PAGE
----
Absence of talisman Kane leaves striking gap that no one can fill
Tottenham once again fail to show they can be a top-class team without their hamstrung striker
It is the one question Tottenham Hotspur would have loved to dodge, a challenge they were desperate to swerve, but the Harry Kane team have got a problem which they are no closer to solving after a defeat that helped expose their limitations without him.
This is the question their rivals wanted to be posed. Could they cope without Kane? Could they prosper without their best player, leading goalscorer and talisman? For those who support Spurs it has always been feared that they could not.
For others, it is the accusation to be thrown whenever the debate moves on to whether a talented Tottenham team will ever become a great one, particularly when Real Madrid hover in the background, talking about Kane and dropping hypothetical fees of £250million into the conversation.
To say Kane is important to Tottenham is like saying the moon has a bearing on the tides. He guides, defines and shapes this exciting team. He is not the sole reason Spurs are feared, but he is the main one.
Kane is the best striker in English football, a match-winner, a gamedecider, a figurehead. If in doubt, give it to Harry. If you are playing badly, do not worry, Harry will get a goal. Spurs have inevitably become reliant on him, the statistics show that, the sheer number of goals scored by the England international make him irreplaceable, but has it gone too far?
Not since Alan Shearer played for Newcastle United has a centreforward led the line and carried a team so enthusiastically, so willingly. He is one of their own, but maybe it is in danger of becoming more than that. Tottenham’s need for Kane might be bordering on unhealthy. When Pep Guardiola described Spurs as “the Harry Kane team” it was a deliberate, slip of the tongue designed to sting Spurs. And it did. It helped spread nagging doubts and was delivered precisely to accentuate the sense of loss Spurs feel when he is missing.
This was the chance to answer those barbed-wire questions, to silence the doubters. Level on points with Manchester United, Tottenham travelled north with the intention of making a statement, not just for this weekend, but for the rest of the season.
Beat United and they would emerge as City’s main title challengers. Beat them without Kane and so many other boxes
Inadequate replacement: Heung-min Son was made to look lightweight by Manchester United’s defenders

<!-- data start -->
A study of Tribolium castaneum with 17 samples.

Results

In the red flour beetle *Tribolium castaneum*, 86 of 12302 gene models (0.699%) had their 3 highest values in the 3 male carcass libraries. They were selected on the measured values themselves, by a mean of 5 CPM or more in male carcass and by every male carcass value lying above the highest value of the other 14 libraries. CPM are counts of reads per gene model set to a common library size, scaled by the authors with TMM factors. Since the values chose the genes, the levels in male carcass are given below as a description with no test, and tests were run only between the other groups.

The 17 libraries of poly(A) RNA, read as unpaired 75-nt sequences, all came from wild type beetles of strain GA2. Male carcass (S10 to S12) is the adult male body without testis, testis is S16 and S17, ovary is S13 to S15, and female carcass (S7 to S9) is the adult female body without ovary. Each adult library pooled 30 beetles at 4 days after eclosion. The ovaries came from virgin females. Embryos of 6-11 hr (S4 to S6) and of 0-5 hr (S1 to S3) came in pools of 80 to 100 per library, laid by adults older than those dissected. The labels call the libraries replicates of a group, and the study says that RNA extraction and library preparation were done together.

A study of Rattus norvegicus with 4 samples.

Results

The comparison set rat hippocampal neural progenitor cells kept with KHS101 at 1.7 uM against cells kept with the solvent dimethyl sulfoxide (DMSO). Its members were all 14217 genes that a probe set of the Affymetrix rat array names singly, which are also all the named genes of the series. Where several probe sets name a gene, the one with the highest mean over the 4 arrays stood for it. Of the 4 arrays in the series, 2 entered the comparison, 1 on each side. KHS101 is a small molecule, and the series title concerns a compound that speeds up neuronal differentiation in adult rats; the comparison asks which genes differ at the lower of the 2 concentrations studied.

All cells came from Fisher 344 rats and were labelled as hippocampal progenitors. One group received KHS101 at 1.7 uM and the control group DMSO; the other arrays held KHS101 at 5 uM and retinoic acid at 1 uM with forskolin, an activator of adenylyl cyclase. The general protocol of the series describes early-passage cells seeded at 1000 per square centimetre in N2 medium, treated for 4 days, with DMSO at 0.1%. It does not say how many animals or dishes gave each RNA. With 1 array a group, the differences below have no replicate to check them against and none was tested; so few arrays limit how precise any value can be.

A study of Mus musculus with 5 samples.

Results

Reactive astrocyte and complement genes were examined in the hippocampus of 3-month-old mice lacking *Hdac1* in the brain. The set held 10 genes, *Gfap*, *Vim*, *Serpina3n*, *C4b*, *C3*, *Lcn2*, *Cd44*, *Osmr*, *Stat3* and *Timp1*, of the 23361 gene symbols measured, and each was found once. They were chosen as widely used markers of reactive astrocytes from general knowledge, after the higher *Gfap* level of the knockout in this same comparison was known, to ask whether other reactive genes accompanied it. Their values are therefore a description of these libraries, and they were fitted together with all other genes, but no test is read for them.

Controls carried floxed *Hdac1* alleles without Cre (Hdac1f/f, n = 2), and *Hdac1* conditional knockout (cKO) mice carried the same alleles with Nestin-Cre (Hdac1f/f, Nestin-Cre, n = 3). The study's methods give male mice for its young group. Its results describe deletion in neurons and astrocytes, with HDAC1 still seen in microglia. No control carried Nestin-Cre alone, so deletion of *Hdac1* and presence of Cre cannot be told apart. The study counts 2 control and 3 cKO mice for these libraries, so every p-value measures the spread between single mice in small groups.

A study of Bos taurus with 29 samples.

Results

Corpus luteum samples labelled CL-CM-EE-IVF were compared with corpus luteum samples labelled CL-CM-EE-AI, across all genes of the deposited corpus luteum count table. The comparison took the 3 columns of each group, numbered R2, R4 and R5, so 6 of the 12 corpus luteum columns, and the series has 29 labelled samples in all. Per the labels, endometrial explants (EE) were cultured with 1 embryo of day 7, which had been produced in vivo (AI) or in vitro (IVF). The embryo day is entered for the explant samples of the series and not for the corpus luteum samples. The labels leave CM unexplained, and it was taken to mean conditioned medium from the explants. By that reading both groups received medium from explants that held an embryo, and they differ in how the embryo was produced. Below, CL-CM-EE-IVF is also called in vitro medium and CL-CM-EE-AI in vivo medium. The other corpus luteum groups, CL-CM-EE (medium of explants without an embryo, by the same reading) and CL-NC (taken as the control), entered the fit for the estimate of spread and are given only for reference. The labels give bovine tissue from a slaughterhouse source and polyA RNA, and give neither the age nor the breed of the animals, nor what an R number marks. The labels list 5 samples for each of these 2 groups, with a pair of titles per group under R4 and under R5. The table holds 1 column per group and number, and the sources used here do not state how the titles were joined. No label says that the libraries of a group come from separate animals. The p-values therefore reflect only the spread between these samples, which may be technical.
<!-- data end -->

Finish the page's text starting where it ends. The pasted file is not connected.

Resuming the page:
would be ticked. They failed. Kane cannot stay fit all of the time and one-man teams do not tend to win the major prizes. Last autumn, Spurs lost an injured Kane for 10 games and won just four of them, one of which was against Gillingham in the League Cup. It was a dip that arguably cost Mauricio Pochettino’s side a title challenge, helping to harden perceptions that Spurs are English football’s nearly team.
We do not know how long Kane’s “minor” hamstring injury will keep him out. The troublesome thing about hamstring injuries is they often come back. Spurs cannot rely on a speedy recovery and they cannot bank on it being a one-off.
They had made contingency plans. Pochettino signed Fernando Llorente from Swansea in the summer with these moments in mind. A striker who could compete with Kane, but more realistically, offer specialist cover. The Spaniard was superb in a struggling team last season and would be an upgrade on Vincent Janssen, who failed to slip into Kane’s shoes last term. Yet Llorente did not start at Old Trafford. The like-for-like replacement was left on the bench, with Huengmin Son preferred through the middle and Moussa Sissoko, Christian Eriksen and Dele Alli offering support.
For most of the first half, Son ran around after the ball like a man chasing a £20 note in a gale. United’s defenders fancied their chances of stealing it from him too. A foot in there, an interception here, they made him look lightweight.
The Spurs fans were well aware of their man’s absence too. When they chirped up with a chant from the away section to berate Romelu Lukaku for falling over to win a free-kick, it was to suggest he was just a “s--- Harry Kane”. It betrayed their sense of loss, their uncertainty. Singing about an injured player is not a good sign.
Spurs occasionally looked threatening, but they did not have a presence in the area. They played like a team searching for an itch on an amputated limb.
Without Kane to look for, they did strange things. Sissoko tried to shoot from 35 yards when he has never scored a goal from that distance in his Spurs career. As for Alli, he looked lost without his partner in crime, passing the ball straight to Ashley Young on the edge of the United area one minute, rolling a weak shot into the arms of David de Gea from a tight angle the next, because he could not see anyone in a white shirt to pass to.
When balls came into the area, United dealt with them comfortably, and even when De Gea spilt a routine cross from Ben Davies at the feet of Alli, he could only tee up Sissoko, who got his feet in a tangle and scuffed an ugly effort wide.
Tottenham were good, they held their own, but they did not ever look like scoring, their best chance missed late in the second half when Eriksen’s pass found the run of Alli but he tickled a volley wide. Tottenham still look like a team who need Kane and therefore a team who will be the nearly men again.